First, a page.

Year 1 vs. Year 2 Summary School Safety Survey

Comparing Year 1 & Year 2
Longitudinal Survey
How often?
Students told us whether an incident happened once, rarely, sometimes, almost all of the time, or always
We asked high school students...
55.5% female, 63.8% African-American & 32.4% Caucasian, 60% Freshmen & Sophomores, 55.2% 15-16 years old.
How many?
Students told us more about the most serious incident, including how many peers harassed them. Multiple aggressors became more common.
Whether they had experienced any socially rejecting behavior - in the form of physical (P), verbal (V), social (S), or cyber (C) bullying - in the past 6 months.  447 students in Year 1 and 578 students in Year 2 reported the following % had experiencing at least one incident. Rates remained relatively stable.
51.0% female, 55.8% African-American & 28.7% Caucasian, 51.6% Freshmen & Sophomores, 54.9% 15-16 years old.
Figure 2: Rates of Bullying
Students were also asked whether they perceived they were targeted by someone they considered a member or members of their friend group, whether they were targeted by a member or members of a social group, or whether they were targeted because of their membership in a group.
In Year 2, rates of being targeted by a friend or group were largely stable across bullying types, whereas feeling targeted because of group affiliation was lower for social and verbal aggression (49 & 52% respectively) than physical (61%) or cyber (65%) aggression.  Also, in Year 2 we saw a spike in how much individuals felt their aggressor(s) actions represented their group affiliation. The vast majority see the aggressor's group identity as a playing a role.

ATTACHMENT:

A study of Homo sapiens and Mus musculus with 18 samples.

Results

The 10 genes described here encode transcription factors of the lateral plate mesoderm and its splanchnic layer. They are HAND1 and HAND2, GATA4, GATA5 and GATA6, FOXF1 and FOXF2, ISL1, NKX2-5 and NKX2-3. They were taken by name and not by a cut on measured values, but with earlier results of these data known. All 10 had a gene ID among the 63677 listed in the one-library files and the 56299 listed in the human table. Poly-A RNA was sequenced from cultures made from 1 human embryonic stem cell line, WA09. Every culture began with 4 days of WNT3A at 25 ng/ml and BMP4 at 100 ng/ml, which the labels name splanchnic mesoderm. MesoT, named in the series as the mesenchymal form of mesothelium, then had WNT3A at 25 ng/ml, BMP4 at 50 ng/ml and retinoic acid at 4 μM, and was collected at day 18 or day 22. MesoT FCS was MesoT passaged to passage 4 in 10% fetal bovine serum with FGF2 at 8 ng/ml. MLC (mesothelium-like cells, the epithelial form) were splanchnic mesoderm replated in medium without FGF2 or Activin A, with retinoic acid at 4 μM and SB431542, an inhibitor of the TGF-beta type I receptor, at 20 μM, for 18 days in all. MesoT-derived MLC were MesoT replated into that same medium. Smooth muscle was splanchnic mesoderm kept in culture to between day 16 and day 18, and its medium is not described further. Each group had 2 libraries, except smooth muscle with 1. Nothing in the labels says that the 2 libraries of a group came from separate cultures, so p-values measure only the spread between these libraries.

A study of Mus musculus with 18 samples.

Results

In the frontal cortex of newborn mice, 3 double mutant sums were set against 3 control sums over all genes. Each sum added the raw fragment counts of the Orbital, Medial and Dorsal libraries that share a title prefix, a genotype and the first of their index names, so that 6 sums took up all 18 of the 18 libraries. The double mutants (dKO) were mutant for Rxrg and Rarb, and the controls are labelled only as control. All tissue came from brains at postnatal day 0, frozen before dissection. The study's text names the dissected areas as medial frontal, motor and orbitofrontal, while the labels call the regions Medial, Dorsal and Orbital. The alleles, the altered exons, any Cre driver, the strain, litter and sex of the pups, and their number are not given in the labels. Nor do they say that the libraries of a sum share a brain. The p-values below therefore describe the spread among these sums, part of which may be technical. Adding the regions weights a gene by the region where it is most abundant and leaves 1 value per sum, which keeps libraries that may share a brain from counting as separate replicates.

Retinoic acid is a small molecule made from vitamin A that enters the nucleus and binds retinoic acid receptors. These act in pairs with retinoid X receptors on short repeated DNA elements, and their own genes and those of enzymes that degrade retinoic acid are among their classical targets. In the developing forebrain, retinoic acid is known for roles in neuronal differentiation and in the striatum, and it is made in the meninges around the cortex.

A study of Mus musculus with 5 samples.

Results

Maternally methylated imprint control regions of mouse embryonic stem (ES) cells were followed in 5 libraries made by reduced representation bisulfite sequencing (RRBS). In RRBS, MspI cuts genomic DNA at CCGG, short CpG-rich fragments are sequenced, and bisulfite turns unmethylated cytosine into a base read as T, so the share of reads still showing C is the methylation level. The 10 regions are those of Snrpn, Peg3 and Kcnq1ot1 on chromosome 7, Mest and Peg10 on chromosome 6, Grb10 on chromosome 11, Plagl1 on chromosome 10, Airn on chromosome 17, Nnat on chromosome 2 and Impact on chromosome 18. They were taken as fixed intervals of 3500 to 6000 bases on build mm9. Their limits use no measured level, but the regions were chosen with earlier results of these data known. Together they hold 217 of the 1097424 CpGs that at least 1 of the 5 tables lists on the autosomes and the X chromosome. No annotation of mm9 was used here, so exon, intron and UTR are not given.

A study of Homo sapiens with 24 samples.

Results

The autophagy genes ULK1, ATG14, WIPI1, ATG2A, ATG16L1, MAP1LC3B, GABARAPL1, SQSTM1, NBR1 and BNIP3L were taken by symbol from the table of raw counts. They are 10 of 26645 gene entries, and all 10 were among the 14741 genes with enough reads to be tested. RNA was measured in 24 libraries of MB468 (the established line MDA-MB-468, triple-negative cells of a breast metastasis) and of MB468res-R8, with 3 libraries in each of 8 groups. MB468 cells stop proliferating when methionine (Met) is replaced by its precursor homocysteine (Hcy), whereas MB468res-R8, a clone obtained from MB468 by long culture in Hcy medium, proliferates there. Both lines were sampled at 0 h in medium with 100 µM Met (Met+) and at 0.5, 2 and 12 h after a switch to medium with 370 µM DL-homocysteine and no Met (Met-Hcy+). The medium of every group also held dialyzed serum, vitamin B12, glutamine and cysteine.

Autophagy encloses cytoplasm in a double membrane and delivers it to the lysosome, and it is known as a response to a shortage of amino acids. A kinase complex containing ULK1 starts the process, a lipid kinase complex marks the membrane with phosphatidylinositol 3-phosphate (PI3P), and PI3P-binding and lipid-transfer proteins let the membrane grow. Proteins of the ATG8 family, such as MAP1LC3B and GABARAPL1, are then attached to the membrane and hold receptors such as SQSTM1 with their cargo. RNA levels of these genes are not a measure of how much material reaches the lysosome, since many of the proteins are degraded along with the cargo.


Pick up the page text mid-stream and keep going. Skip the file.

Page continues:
We asked students more about the groups involved in bullying them.  Based on student labels of the social cliques that existed in their school, the following graphs illustrate the primary perpetrator groups.  This year added the group classifiers of "average" (kids neither popular nor unpopular), "well-known" (but explicitly "not popular"), "country" (e.g. "county kids"), and teachers.  These combined with the groups previously identified as the loners (e.g., lone wolves, outcasts, those with no group affiliations), music kids (those in theater, choir, band), nerds (& honors students), popular (& rich or "snobs"), athletes, and poor kids (e.g., labeled by students as "ghetto," "trash," or "broke").
Physical Aggressors
Verbal Aggressors
This research was funded by the National Institute of Justice School Safety Initiative and conducted by the Social Relations Collaborative at Mississippi State University.  If you have any questions, please contact us at [email protected] or visit our website at
Social Aggressors
Cyber Aggressors
Social Identities
This year we also asked whether political or religious group identities played a role in whether they were targeted.  (The county in which the study was conducted in largely Christian but split politically.)